What’s more, the chief executive officer of Poulton Associates — a managing general agent that sells private alternatives to the National Flood Insurance Program — said his firm will soon launch a new program that will allow insurance agents to quote the cost for additional flood coverage for every policy in their book of business.
These developments come after a documented increase in the premiums collected for private flood insurance, which the National Association of Insurance Commissioners started tracking as a separate data point in 2016. NAIC data shows that insurers reported direct written premium of $644 million in 2018, up from $376 million in 2016.
Those figures don’t include flood insurance that is written as a surplus line, which the Wholesale Specialty & Insurance Association estimated to be $398 million in 2017, according to a report by Carrier Management.
The approximately $1 billion in written premium for private flood insurance compares to $2.85 billion in direct premium for federal flood insurance reported to NAIC in 2018.
Florida removed one hurdle for private flood insurance by adopting rules that create a process for carriers to certify that their coverage is equivalent to policies sold in the federal program, which satisfies lender requirements. New federal rules that took effect on July 1 will remove another hurdle nationwide by requiring lenders to accept private flood insurance deemed equivalent to insurance sold under the federal program.
Data from Florida, which accounts for 35% the federal flood insurance policies in the U.S., shows that sales of private flood insurance have been rising quickly. The number of personal residential private flood insurance policies in force increased 42% in just six months, to 62,933 polices on March 31 from 44,252 on Sept. 1, 2018, according to the state Office of Insurance Regulation.
Poulton Associates CEO Craig Poulton said public awareness has been raised by events such as Hurricane Harvey, where an estimated 70% of losses were not covered by insurance, and a 2016 flood in Louisiana that wasn’t associated with any named storm. But he said more importantly, insurance brokers are recognizing that flood insurance isn’t necessarily a stand-alone product and are starting to understand that there is demand for the coverage.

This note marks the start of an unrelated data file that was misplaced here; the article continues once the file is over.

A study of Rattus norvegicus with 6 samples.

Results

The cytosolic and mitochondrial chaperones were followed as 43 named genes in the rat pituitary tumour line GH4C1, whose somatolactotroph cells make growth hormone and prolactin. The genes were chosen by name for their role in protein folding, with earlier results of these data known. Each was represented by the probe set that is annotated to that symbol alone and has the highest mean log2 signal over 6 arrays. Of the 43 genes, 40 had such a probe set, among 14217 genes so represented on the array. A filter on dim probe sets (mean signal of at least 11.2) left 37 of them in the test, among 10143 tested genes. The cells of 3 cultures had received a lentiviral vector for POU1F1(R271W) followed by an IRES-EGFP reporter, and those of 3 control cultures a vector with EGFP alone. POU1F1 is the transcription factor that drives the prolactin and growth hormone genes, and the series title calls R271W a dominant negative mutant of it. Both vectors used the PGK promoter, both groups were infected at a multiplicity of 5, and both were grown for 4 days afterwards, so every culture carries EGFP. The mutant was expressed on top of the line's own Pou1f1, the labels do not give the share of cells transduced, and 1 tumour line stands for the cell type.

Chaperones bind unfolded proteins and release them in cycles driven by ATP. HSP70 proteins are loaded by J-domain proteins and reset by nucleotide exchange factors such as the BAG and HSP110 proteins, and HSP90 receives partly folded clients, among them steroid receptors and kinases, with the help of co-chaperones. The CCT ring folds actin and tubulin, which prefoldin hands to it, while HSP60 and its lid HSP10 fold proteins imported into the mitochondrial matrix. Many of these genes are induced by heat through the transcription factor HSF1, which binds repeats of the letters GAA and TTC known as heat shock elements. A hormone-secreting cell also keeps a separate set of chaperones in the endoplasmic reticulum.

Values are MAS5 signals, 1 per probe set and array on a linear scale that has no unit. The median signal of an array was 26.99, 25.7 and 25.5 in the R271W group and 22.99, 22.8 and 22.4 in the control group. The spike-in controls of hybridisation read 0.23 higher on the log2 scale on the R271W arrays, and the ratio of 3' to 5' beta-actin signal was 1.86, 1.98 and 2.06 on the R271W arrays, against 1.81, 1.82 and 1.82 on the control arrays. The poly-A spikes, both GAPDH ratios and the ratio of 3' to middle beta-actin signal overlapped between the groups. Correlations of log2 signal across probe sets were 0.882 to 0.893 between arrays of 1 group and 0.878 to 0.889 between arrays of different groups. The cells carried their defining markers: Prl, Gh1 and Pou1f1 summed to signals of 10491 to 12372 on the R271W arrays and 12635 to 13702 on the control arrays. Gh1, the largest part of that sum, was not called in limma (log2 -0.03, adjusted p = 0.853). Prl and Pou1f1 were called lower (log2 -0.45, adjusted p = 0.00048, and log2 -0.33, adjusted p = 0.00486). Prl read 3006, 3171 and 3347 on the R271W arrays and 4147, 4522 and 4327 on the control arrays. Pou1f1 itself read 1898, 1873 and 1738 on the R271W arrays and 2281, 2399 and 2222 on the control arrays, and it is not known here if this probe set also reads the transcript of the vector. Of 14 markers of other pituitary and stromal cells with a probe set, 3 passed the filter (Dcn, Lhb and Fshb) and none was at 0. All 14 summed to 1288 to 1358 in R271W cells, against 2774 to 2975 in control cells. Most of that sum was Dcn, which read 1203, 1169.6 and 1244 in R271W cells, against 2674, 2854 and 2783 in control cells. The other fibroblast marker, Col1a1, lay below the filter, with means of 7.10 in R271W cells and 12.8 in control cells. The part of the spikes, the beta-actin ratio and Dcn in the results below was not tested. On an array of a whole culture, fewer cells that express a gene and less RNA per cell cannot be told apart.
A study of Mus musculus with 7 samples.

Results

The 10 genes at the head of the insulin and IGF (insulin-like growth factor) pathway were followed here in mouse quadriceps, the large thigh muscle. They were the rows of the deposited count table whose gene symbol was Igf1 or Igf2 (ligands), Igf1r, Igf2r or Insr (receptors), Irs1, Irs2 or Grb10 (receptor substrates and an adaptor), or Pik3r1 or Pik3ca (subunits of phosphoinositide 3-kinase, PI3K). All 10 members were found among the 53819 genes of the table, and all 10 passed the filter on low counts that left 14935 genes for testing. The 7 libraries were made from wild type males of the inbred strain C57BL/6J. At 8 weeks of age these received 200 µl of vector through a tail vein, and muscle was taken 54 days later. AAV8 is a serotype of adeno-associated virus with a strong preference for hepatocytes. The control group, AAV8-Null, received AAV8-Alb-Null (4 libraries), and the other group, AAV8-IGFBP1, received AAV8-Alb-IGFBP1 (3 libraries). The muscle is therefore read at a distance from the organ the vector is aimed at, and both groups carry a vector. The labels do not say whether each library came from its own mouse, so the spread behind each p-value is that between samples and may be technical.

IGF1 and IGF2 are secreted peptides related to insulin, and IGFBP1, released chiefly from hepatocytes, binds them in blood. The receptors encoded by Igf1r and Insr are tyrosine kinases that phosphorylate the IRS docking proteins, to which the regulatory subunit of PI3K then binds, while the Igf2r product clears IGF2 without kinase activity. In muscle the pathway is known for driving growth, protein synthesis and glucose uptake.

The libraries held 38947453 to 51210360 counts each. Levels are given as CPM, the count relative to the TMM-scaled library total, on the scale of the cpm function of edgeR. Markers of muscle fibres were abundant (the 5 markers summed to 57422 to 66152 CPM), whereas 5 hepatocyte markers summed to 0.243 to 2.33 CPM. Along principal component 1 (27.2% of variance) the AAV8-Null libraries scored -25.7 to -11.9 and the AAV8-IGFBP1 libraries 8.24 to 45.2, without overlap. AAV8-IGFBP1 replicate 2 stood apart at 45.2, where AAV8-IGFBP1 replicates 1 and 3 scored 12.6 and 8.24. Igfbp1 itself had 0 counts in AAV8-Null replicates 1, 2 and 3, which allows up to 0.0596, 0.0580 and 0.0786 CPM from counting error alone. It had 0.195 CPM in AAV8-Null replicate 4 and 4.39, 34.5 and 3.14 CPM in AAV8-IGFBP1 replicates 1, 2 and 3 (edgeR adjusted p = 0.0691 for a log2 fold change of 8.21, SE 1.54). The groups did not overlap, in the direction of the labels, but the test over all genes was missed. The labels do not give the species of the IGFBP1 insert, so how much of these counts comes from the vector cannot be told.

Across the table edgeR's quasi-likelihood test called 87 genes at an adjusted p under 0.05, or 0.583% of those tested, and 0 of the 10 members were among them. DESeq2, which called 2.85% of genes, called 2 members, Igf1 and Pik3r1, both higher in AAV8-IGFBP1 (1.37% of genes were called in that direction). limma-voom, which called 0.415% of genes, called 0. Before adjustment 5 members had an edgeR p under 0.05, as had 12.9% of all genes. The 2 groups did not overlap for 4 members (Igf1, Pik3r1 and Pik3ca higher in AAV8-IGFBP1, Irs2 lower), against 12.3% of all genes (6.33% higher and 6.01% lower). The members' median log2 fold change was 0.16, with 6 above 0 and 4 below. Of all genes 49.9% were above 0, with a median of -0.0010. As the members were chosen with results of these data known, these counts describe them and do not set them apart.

“I think it’s just a momentum thing,” Poulton said. “There’s this domino effect. The product is available and it will help you sell policies. The early adopters start preaching that and pretty soon the guy across the street learns that he better do the same thing.”
That momentum prompted Poulton’s company to work with an insurtech partner to design a software program that provides flood insurance quotes for entire books of business. Poulton said in testing, his company and its tech partner were able to quote flood insurance for a book of business with more than 100,000 personal lines policies. The program hooks up through an application program interface (API) with IVANS, a proprietary system used to exchange information between insurance carriers and agents.
Poulton declined to identify the partner because his company is not yet ready to make a formal announcement, but he said he expected to launch the product within the next two weeks.
Similarly, Munich Re formed a partnership in a push to expand the sale of inland flood protection as a policy endorsement to multi-peril homeowner’s insurance policies in low- to moderate-risk areas where coverage isn’t required by mortgage lenders. Late last month, the American Association of Insurance Services — an advisory organization for member carriers — announced that it was teaming up with Munich Re to increase coverage rates for flood risk.